New school lobby nearly complete in Jersey Shore

JERSEY SHORE – As work continues to progress at the Jersey Shore Area Elementary School, the Jersey Shore Area School Board heard an update at Monday’s board meeting on the construction project.

Dan Cicala, of Fidevia, told the board that the school’s new main entrance was turned over to the district at the beginning of the year, which he called “significant” for the project’s overall completion.

Ken Berkich, construction manager, noted that along with the new main entrance, a new lobby is nearly complete. The school’s new gymnasium should be complete in the next few weeks, “if things go well,” Berkich said. Work is continuing in part of school, which is sealed off with a wooden and plastic partition wall to ensure dust or other materials doesn’t enter the section occupied by students and staff. An addition that will house kindergarten classrooms also needs to be completed.

The district announced that it will host an open house event to allow the public to tour and see the progress of the project so far. It will take place before the board’s Jan. 27 meeting.

In other business, Dr. Jeannette Carter, of the Pennsylvania College of Technology, presented a plan to allow students enrolled in Penn College NOW, the college’s dual enrollment program, to earn college credit for no cost while attending high school.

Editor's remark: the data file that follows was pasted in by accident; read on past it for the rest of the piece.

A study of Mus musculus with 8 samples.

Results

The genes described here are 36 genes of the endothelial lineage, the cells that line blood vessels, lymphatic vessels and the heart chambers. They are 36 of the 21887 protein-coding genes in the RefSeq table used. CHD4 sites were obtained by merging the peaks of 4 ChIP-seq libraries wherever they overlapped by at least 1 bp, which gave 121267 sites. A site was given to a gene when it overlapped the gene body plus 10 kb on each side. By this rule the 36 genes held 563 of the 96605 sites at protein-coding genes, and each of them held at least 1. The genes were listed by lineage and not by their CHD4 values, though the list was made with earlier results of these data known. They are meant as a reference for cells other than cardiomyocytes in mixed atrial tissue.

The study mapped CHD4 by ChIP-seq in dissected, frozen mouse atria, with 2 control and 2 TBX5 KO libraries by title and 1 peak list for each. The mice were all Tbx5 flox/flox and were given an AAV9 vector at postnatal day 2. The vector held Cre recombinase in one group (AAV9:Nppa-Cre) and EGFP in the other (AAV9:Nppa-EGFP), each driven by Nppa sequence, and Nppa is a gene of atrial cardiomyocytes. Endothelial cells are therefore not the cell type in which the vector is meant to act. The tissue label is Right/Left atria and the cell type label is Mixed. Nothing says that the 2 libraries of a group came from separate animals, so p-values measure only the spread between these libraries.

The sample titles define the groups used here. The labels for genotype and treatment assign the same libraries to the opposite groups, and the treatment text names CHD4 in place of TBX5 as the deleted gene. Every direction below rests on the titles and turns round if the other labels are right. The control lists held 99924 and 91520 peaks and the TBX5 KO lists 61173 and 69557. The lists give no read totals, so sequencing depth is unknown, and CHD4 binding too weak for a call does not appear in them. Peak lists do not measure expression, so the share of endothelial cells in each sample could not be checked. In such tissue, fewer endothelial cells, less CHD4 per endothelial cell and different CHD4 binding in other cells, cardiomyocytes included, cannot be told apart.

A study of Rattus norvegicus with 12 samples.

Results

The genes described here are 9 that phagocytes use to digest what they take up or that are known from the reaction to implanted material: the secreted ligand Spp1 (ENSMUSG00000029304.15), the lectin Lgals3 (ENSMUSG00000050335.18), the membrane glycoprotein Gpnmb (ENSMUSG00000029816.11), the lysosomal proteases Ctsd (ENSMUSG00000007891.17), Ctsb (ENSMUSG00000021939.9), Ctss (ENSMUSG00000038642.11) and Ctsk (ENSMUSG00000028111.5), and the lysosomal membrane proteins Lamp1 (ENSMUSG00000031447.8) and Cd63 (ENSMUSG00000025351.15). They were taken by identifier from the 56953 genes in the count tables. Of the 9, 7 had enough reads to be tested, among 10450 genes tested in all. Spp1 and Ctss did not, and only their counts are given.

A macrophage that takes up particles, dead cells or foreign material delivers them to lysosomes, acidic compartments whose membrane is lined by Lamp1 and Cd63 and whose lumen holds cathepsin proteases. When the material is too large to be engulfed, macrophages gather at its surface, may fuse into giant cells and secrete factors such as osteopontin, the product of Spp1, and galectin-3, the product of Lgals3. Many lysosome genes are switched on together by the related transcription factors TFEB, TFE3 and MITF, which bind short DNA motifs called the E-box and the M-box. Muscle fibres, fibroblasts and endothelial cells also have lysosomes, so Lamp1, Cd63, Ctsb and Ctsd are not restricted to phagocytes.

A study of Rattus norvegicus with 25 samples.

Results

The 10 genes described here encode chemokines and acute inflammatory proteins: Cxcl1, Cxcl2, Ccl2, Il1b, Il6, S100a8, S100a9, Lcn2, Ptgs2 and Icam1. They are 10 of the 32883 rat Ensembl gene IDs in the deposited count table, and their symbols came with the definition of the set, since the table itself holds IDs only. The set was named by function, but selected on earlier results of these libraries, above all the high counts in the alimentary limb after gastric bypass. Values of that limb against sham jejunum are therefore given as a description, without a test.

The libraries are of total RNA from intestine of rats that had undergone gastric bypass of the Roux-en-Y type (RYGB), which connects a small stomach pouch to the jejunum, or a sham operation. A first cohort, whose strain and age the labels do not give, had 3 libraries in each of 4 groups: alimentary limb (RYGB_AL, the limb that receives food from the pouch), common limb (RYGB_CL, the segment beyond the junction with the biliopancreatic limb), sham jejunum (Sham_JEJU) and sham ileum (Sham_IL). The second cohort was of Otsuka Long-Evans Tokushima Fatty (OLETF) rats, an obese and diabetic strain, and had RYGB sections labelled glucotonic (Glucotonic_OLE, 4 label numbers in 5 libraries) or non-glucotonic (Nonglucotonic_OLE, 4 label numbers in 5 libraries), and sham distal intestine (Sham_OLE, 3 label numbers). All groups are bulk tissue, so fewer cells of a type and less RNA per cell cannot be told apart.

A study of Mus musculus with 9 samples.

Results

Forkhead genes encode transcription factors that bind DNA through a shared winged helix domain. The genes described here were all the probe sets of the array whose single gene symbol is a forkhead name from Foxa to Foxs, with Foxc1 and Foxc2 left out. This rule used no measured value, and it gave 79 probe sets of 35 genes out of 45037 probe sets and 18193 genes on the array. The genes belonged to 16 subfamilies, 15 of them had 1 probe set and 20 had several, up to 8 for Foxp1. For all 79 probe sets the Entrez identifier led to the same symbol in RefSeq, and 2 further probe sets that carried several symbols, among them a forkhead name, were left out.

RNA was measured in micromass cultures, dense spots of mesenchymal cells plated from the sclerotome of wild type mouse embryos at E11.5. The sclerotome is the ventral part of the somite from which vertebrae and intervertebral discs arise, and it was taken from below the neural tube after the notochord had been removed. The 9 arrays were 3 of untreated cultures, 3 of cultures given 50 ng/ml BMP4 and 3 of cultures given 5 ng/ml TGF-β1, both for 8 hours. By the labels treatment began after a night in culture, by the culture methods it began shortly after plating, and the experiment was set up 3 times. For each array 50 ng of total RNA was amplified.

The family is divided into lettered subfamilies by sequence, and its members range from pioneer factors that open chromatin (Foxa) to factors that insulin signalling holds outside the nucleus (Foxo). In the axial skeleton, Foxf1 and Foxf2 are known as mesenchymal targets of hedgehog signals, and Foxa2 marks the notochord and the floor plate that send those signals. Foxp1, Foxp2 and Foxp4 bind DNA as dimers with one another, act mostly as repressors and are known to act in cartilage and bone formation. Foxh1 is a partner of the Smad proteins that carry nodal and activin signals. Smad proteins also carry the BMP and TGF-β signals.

Jersey Shore has been in the program since its inception in 2005, Carter reported. In the fall, Jersey Shore students earned 301 college credits, which cost students about $15,000 – the value of those credits is nearly $150,000.

Carter explained that under a new funding model, students would go from paying $50 for each credit to not being charged at all to take those courses. The district would pick up the tab by paying $2,500 to offer six or more sections of the program to its students.

The charge would be determined by the previous year’s number of sections. There is a smaller charge if less than six sections are offered.

If the district agrees to this new funding model, Carter said it could not charge students to raise the district cost for the program.